Apps / Finance / Startups

This fintech startup wants to make it easier to pay off credit cards right away

Debx, which is based in Bethesda, Md., recently launched its mobile app. It's looking to bring rewards to financial discipline.

Debx launched on the App Store in March. (Courtesy photo)
This post was updated at 2:49 p.m. on 4/4/18 to make several corrections about how credit cards are paid off.

A Bethesda, Md.–based fintech startup is looking to combine the rewards of credit cards with the financial discipline of debit cards.

When it comes to debit cards that link directly to a checking account, Debx CEO Ben Psillas said he likes the immediate payment and consumer protections, but he’s always felt a “negative reinforcement” because they don’t offer points or rewards. Meanwhile, credit cards have those rewards, but they also have monthly bills and late fees. Plus, there’s the debt.

The startup’s mobile app, which launched in March, allows users to set up and manage daily payments on credit cards. That way, they can pay off credit purchases right away, Psillas said. Users link their credit and checking accounts. Then, they set “rules” effectively meaning “you tell us when to pay off daily” or leave purchases on the credit card, Psillas said. So while it brings payoff that doesn’t have to be set every month, the tool still has a “shutoff valve” to prevent over drafting.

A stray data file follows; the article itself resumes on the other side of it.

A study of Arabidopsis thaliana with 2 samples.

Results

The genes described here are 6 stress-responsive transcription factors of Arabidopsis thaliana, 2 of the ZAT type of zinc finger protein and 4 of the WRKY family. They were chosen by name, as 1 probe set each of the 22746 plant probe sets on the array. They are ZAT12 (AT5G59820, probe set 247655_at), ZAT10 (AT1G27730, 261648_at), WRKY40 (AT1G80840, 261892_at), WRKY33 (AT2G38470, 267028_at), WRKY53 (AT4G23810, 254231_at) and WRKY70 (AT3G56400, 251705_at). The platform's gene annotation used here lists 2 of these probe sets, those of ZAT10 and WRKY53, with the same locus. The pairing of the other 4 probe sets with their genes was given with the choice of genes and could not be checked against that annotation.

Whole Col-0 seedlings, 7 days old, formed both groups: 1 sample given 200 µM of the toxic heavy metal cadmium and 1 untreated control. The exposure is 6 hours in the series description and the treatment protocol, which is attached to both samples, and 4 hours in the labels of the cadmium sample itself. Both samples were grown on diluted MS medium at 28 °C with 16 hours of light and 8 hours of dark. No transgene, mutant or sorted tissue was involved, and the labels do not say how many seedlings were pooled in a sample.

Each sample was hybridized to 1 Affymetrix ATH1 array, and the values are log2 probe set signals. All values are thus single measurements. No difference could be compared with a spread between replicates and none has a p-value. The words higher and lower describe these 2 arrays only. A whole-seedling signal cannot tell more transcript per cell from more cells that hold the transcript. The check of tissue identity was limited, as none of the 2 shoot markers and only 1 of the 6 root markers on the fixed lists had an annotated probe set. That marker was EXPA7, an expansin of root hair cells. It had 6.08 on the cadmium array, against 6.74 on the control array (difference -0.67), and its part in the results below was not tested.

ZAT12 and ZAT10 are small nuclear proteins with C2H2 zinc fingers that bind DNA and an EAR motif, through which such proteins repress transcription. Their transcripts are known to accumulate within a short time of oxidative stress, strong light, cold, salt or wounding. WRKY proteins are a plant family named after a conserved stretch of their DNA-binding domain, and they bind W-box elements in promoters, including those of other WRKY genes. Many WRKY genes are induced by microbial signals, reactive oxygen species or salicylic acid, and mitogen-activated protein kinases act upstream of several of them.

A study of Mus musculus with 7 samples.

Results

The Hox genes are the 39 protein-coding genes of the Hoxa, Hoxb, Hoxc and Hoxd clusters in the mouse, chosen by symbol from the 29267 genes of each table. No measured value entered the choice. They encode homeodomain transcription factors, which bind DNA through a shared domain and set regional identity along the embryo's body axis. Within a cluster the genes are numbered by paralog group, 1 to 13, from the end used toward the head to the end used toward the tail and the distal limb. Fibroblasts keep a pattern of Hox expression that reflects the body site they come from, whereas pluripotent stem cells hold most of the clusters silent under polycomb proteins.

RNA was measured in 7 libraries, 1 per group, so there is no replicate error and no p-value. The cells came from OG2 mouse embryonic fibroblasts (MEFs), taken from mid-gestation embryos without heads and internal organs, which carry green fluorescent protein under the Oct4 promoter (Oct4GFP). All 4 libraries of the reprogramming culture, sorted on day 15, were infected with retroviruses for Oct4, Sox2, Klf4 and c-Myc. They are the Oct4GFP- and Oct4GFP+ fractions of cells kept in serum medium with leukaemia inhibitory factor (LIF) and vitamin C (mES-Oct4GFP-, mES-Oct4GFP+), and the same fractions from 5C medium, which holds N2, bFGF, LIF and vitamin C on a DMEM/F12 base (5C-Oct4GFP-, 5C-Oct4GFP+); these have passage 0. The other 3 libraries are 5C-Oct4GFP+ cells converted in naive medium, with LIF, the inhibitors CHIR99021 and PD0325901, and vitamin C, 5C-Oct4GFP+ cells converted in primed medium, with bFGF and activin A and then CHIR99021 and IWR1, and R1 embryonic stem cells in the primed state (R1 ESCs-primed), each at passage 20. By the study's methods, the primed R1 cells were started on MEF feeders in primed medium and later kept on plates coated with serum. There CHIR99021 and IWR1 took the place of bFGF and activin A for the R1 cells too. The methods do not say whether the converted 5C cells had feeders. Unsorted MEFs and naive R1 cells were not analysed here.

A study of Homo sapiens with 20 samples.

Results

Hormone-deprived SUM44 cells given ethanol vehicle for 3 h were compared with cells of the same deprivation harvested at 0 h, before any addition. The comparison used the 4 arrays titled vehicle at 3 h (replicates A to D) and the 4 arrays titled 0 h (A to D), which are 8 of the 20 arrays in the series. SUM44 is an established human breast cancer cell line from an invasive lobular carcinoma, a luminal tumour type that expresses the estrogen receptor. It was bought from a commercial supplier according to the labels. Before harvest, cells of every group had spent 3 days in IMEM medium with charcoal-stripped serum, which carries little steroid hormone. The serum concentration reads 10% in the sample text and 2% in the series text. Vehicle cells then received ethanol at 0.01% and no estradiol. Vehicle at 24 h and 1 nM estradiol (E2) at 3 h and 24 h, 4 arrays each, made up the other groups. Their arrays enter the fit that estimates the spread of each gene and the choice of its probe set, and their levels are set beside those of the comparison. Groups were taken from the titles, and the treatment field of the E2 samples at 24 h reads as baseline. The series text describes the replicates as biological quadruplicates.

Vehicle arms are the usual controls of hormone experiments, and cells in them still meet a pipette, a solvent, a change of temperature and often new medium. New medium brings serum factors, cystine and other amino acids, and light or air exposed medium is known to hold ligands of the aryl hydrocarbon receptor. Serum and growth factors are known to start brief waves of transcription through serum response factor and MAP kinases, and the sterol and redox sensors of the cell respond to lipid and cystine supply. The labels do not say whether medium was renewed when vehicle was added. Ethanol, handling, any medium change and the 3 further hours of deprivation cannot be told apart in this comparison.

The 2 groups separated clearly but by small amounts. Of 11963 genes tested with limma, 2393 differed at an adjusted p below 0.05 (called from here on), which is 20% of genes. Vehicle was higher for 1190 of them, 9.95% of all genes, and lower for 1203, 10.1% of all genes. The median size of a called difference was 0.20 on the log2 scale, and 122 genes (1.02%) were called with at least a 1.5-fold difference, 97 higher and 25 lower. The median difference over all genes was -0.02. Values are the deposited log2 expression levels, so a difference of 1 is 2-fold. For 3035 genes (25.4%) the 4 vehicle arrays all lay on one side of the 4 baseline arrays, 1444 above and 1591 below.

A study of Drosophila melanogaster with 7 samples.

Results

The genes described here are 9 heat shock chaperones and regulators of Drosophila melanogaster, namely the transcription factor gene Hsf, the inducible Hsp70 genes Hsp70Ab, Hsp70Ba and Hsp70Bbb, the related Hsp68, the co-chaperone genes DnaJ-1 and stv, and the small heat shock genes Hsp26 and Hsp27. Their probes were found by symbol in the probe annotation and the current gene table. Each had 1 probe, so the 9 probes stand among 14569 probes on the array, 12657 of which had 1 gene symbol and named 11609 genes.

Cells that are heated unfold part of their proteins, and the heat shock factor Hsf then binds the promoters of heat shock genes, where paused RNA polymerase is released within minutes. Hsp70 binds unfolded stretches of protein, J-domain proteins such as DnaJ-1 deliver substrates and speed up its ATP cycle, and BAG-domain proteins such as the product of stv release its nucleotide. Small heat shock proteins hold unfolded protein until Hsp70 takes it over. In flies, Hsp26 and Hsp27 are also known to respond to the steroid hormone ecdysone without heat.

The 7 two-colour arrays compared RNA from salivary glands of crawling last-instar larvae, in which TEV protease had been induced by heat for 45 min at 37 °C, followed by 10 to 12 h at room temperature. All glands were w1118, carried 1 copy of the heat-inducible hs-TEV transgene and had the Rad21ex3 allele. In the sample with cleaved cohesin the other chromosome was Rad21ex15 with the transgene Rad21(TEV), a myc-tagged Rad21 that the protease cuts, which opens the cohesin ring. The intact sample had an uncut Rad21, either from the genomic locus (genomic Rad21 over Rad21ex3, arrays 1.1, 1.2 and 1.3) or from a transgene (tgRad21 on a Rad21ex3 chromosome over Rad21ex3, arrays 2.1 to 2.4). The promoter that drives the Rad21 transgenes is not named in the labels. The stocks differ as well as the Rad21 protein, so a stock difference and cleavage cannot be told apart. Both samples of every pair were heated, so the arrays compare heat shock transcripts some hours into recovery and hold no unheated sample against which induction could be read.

“The rules are very important because it gives consumers the control for how to automate rewards but get fiscal discipline,” said Psillas.

Previously, Psillas was the founder of  founded surcharge-free ATM company Allpoint, which was acquired by Cardtronics. On this company, he said he’s been working with a team of three others over the last 15 months to get the app to launch. The team, funded with $1.5 million, includes Chad Crutchfield, who previously worked as head of new initiatives at Living Social, former Cardtronics CTO Purvesh Patel and Tim Klanke, formerly of Chertoff Capital.

With the app launched, Psillas said the focus is on establishing “a capital-efficient approach to a large customer base.” He named a few potential categories of users, including people who want to establish a credit history or save money while still leveraging points, as well as people who keep multiple cards to go after rewards.